COVID-19 has made a lot of things about life more difficult. Aside from affecting literally every aspect of our lives, it has also made it harder for us to get some sleep. “Coronasomnia,” stress-induced insomnia caused by the pandemic, is currently plaguing the nation. Thirty-six percent of people report having sleeping problems due to anxiety and stress from the pandemic. This survey also showed that it is mainly young adults and women that feel the pandemic has caused adverse effects on their mental health.
Other studies have also shown that as of March 2020, the number of prescriptions filled for anti-insomnia medication increased by 21%. It’s clear to see that the pandemic has affected our well-being quite negatively. If you find yourself having trouble sleeping these days, here is some advice on how you can sleep better during these times:
- Stick to a schedule.
One of the main reasons our body clock is disrupted is because our everyday routine has also been disrupted. A great way to get our body clock back to normal is by setting a new routine. Set a time to wake up and go to bed. Make it a habit to shower and get dressed every day, even if you aren’t going out. Eat your meals at specific times. Give yourself time for exercise and time for rest.
- Exercise before anything else.
Getting your heart rate up throughout the day can help you fall asleep easier at night. But don’t work out right before bed. Working out right before bed can actually cause you to have more trouble falling asleep. The best time to work out is in the morning before you start working.
- Let some natural light in.
Light plays a huge role in controlling our circadian rhythm. Whether it be natural light or artificial light, it affects how we sleep. We want to expose ourselves to natural light so that our bodies become in sync with the sunrise and sunset. There is a scientific explanation for this. When our bodies are exposed to light, it halts the production of a hormone called melatonin. Melatonin is the hormone that helps us fall asleep. When it’s dark, that’s when our brain is signaled to start creating melatonin.
- Limit gadget use before bed.
Our previous discussion about light is closely related to why we shouldn’t use our gadgets before bed. Our gadgets emit a specific kind of light called blue light. Different colors of light result in different effects. Blue light is the most detrimental to our circadian rhythm and health. According to experts, blue light suppresses melatonin much more than any other color of light.
Compared to green light exposure, blue light was shown to suppress melatonin and shift our circadian rhythms twice as much as the green light. Make it a habit to put down your gadgets before bed. Instead of scrolling through your phone at night, create a different nighttime routine. You could try aromatherapy by using a diffuser and some essential oils. That is also said to help calm the mind and help us get better sleep.
- Get a better mattress.
You probably don’t think your mattress has any effect on your sleep, but it does. A study comparing the effects of different types of mattresses ranging from soft to custom inflated showed that medium-firm mattresses were the best option for better sleep. If your mattress is already six to eight years old, it’s time for you to replace it.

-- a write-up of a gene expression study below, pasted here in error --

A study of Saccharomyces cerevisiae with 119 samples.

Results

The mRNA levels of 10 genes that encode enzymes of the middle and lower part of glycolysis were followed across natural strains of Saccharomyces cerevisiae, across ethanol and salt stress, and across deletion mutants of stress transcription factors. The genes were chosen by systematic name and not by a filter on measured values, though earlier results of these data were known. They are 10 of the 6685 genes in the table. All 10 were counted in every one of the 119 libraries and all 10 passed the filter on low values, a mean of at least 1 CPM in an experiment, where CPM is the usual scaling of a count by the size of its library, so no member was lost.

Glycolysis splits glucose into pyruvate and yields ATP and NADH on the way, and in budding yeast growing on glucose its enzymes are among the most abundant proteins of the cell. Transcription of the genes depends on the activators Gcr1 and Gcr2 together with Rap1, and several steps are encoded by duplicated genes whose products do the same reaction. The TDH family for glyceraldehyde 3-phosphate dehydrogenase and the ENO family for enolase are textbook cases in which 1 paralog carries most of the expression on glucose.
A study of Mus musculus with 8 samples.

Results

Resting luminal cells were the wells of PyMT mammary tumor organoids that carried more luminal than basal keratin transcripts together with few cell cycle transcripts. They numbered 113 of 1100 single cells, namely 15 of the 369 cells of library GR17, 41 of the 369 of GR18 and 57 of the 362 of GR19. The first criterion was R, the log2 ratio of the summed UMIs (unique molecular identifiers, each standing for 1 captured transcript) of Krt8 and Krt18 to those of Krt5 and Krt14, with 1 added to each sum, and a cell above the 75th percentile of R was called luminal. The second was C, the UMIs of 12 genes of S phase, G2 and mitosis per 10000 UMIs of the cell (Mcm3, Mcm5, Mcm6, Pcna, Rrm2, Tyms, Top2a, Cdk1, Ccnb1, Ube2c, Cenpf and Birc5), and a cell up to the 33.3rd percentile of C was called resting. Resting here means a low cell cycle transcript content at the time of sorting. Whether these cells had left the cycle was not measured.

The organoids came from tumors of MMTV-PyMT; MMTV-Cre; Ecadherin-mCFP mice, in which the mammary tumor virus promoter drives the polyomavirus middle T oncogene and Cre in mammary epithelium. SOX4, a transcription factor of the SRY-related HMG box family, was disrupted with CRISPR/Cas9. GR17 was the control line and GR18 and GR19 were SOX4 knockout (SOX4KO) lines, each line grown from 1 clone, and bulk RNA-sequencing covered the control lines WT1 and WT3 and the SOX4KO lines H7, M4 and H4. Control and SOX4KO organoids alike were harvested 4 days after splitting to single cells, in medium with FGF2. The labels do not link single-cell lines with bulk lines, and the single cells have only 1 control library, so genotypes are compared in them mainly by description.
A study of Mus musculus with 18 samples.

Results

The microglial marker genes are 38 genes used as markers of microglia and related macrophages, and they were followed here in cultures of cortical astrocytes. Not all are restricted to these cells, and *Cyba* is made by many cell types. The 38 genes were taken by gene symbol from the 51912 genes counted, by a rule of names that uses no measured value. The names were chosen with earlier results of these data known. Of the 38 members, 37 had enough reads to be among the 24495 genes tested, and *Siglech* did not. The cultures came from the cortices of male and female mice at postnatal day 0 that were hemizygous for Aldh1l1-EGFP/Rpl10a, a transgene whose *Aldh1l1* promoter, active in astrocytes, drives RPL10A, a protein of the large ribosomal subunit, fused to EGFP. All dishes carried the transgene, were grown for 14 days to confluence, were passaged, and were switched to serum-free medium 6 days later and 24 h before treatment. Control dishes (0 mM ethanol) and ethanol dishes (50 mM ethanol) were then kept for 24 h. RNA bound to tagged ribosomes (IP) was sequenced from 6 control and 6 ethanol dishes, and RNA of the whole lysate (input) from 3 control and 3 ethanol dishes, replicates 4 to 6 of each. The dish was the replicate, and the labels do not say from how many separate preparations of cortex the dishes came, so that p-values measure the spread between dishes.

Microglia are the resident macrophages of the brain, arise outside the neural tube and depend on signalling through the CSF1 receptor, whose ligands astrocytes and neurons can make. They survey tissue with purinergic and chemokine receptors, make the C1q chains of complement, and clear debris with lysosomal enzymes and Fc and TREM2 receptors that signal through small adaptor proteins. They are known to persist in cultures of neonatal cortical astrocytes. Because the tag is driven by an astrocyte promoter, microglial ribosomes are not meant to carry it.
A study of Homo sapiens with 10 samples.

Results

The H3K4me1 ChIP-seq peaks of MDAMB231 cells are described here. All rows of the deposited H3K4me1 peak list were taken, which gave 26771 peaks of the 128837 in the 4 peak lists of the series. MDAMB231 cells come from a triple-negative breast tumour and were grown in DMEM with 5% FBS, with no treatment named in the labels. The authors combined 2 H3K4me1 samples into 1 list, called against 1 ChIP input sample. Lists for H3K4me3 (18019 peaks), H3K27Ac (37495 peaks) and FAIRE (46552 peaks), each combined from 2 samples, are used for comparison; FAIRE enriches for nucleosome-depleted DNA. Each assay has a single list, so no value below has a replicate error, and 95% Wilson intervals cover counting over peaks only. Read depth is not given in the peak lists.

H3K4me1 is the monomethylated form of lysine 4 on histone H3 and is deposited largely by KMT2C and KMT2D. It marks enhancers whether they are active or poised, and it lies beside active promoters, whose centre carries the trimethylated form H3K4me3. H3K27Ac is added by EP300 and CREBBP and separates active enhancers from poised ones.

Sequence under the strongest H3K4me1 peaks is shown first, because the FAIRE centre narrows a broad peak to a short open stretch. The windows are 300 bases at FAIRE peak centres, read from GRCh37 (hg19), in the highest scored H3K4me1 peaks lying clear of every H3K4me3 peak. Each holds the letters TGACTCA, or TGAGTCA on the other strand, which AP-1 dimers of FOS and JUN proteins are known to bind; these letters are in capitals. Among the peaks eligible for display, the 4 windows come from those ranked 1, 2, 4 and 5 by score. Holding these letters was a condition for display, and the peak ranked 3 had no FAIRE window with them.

You might think that spending a few extra dollars on a mattress isn’t worth it. But a good mattress is tied to good sleep, and good sleep is also tied to good health. Spending a little more on an excellent mattress that’ll be better for your health is definitely worth it.
- Do not work on your bed.
Because most of us are working from home, we find it more comfortable to work on our beds. But we shouldn’t make this a habit as it can make it hard for us to fall asleep. You might think it’s not a big deal, but when we work on our beds, we start associating work with our bed. You should find a separate place to work, even if it is just a desk beside your bed. That way, you can still associate your bed with rest, and it’ll help you fall asleep easier at night.
- Drink caffeine only in the morning.
Caffeine has different effects on everybody. But you should make it a rule to drink caffeine only in the morning. If you drink caffeine in the afternoon, you might have trouble falling asleep at night. So as much as possible, try to avoid drinking caffeine at any other time of the day but morning.
- Don’t watch the news early in the morning or before bed.
If watching the news is giving you anxiety and stress, avoid watching it before bed or very early in the morning when you wake up. There is no reason you should be fueling your anxiety that early or late in the day. Turn off any news notifications on your phone.
- Try to avoid napping in the middle of the day.
Napping isn’t entirely a bad thing. But you should learn to schedule your naps throughout the day so that you can still fall asleep at night. You should also try to limit your naps for at least 15 to 30 minutes. Longer naps can only make you feel more tired.
The pandemic is certainly something difficult to experience. A lot of us want nothing more than for things to go back to normal. Unfortunately, it might take a while for things to go back to normal. But following the advice mentioned above can help give your life some normalcy and even help you sleep better.
Meta Title: The Key to Getting Better Sleep During the Pandemic
Meta Description: COVID-19 is not the only thing plaguing our lives. A new phenomenon called “coronasomnia” is also messing with our sleep. Learn more about it here.